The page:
And so we wait, as a contentious presidential election turns dramatic.
Election Day has come and gone with no clear winner, leaving the nation to wait and see whether Donald Trump has been elected for four more years or whether Joe Biden shall replace him as president of the United States.
The wait is frustrating; Americans on both sides of the political aisle are eager for resolution. And yet that wait is necessary. The legitimacy of a presidency relies on public confidence in reliable, trustworthy, complete results. Every legitimate vote must be counted and it must be counted accurately.
And so we wait.
After an 18-month campaign and months of stump speeches and weeks of voting in most states, one night of election results were not enough to decide the presidential contest. As of late Tuesday night, results were not final in the key states of Pennsylvania, Wisconsin and Michigan — each of which was carried by Trump in 2016, propelling him to the presidency.
The count might last for days. It might be contested in court. But if we believe in the American election system and the safeguards that have been built up over generations, we must extend our faith in its sturdiness.
And so we wait, knowing that getting it right is more important than getting it fast.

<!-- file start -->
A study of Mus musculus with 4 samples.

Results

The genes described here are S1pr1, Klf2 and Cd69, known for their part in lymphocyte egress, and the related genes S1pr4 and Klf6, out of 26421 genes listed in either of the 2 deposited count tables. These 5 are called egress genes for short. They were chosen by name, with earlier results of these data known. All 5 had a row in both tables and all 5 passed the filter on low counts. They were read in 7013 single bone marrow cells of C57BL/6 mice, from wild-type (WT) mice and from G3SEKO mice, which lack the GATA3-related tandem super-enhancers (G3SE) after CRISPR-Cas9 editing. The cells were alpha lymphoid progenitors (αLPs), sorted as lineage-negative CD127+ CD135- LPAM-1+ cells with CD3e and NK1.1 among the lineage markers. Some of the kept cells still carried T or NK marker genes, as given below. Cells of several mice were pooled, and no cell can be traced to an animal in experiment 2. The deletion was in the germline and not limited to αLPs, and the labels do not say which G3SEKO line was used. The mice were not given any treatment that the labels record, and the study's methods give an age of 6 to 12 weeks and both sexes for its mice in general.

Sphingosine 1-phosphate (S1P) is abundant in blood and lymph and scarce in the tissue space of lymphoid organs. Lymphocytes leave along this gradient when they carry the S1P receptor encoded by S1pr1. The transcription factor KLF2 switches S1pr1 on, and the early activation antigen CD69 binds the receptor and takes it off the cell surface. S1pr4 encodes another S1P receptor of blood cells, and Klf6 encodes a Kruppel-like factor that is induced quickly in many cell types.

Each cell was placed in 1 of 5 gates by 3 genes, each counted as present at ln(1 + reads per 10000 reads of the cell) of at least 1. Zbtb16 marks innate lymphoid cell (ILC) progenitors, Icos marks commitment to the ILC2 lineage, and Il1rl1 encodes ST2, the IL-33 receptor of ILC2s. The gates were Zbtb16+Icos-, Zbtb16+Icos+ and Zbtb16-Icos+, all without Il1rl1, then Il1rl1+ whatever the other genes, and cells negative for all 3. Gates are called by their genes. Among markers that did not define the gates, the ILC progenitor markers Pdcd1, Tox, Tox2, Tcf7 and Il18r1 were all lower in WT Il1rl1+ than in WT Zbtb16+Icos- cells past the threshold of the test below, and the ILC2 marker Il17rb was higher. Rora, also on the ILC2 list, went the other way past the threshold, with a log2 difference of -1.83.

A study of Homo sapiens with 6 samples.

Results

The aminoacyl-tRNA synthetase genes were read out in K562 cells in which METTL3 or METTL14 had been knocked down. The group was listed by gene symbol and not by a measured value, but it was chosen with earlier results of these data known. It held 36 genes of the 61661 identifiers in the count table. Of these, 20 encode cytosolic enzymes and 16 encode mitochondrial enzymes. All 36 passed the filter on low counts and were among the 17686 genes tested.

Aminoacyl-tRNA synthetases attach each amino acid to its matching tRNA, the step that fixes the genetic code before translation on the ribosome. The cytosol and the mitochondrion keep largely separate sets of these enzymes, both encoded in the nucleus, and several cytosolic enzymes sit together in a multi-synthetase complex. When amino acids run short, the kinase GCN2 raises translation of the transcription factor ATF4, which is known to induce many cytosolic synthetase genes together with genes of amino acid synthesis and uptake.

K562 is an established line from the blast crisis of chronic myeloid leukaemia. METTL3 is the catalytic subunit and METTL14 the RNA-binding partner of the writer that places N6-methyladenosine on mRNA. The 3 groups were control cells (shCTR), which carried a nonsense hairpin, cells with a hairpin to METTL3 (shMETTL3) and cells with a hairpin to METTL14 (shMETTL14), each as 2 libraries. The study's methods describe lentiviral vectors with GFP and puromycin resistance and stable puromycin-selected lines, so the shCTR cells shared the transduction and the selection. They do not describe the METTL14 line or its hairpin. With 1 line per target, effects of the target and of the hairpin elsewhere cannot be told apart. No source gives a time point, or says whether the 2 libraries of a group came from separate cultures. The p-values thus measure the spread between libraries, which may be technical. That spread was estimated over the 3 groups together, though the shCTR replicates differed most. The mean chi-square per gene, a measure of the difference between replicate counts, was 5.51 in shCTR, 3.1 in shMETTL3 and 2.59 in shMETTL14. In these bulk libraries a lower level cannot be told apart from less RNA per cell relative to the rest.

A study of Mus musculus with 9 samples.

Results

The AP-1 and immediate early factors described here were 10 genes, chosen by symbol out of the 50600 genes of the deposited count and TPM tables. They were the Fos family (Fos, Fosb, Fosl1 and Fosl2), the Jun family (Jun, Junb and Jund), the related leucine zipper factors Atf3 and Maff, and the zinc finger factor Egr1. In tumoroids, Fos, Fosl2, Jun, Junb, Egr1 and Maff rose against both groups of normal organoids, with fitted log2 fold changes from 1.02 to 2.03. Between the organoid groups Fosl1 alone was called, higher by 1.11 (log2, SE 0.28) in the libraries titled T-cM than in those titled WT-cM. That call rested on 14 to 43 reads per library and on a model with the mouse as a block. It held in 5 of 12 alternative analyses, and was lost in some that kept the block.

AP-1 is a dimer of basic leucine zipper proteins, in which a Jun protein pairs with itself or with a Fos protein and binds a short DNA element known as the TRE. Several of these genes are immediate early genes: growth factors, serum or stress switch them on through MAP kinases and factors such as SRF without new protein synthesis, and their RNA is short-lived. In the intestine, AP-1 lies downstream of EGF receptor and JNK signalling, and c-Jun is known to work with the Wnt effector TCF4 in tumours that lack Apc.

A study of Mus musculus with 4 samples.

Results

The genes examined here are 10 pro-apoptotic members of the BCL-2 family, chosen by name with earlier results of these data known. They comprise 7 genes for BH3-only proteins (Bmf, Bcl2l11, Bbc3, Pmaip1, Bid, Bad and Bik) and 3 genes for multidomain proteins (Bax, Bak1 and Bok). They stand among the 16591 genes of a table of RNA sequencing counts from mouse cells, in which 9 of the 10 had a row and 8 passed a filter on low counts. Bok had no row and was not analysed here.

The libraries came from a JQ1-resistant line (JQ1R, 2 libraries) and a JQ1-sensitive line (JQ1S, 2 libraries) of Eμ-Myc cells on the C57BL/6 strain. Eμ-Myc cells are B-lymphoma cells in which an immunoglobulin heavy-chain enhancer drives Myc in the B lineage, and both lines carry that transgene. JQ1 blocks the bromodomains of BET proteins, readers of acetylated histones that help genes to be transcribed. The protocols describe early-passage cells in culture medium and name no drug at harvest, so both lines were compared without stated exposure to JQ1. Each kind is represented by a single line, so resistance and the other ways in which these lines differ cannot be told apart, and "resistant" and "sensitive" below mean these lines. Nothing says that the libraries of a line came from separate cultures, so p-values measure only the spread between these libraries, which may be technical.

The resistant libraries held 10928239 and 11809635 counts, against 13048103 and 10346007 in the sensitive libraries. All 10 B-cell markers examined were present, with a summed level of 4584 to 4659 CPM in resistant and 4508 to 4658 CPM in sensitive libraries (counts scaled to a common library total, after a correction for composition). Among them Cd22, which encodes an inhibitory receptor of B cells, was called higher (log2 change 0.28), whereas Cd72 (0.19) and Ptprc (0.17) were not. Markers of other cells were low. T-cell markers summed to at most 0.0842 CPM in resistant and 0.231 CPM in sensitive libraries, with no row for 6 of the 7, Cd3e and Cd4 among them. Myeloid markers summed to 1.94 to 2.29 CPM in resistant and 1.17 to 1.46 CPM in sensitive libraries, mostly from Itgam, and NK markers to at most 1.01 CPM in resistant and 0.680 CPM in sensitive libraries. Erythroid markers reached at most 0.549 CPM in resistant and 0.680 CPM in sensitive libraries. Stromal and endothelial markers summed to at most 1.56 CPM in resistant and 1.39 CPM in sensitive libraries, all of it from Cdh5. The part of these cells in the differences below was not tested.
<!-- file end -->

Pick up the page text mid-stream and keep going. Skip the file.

Yet while the presidential race sucks up most of the oxygen from the election every four years, it is far from the only significant race.
Washington has re-elected Jay Inslee to a third term as governor, honoring his work in quickly and forcefully addressing the coronavirus pandemic and his eight years of shepherding one of the nation’s strongest economies. Inslee’s reign has been imperfect, but voters were clear that he is the best person to see the state through the pandemic and beyond.
Voters across the state also approved Referendum 90, backing the Legislature’s decision to require comprehensive, age-appropriate sex education in public schools. The definitive decision was a firm rebuke of the new law’s boisterous critics.
In Clark County, more than 220,000 votes have been counted, leaving as many as 100,000 remaining. And several local races will bear watching as the counting continues. Jesse James has a slim lead over Karen Bowerman in a county council contest; Tanisha Harris and Lynda Wilson are leading close legislative races.
Meanwhile, Rep. Jaime Herrera Beutler appears to have been rewarded for her 10 years of work in Congress with another term.
Regardless of who eventually wins at the national, state or local levels, the 2020 election will be regarded as a victory for American democracy. Record vote totals have been recorded in many locations, including Clark County, reflecting a newfound interest in voting and a rekindled desire for Americans to control their nation’s destiny.
Whether that control eventually remains with Trump or is transferred to Biden, we encourage the winner and his supporters to respect the process, the Constitution and the voters who opposed them. This nation has been tainted by divisions that have emphasized and preyed upon our differences rather than embracing the fact that we all are Americans.
Regardless of the outcome, we still will be Americans — divided by politics or where we live, but citizens who share a desire to bring out the best in our nation.
We hope that will be the lasting impression from the 2020 election. But for now we wait.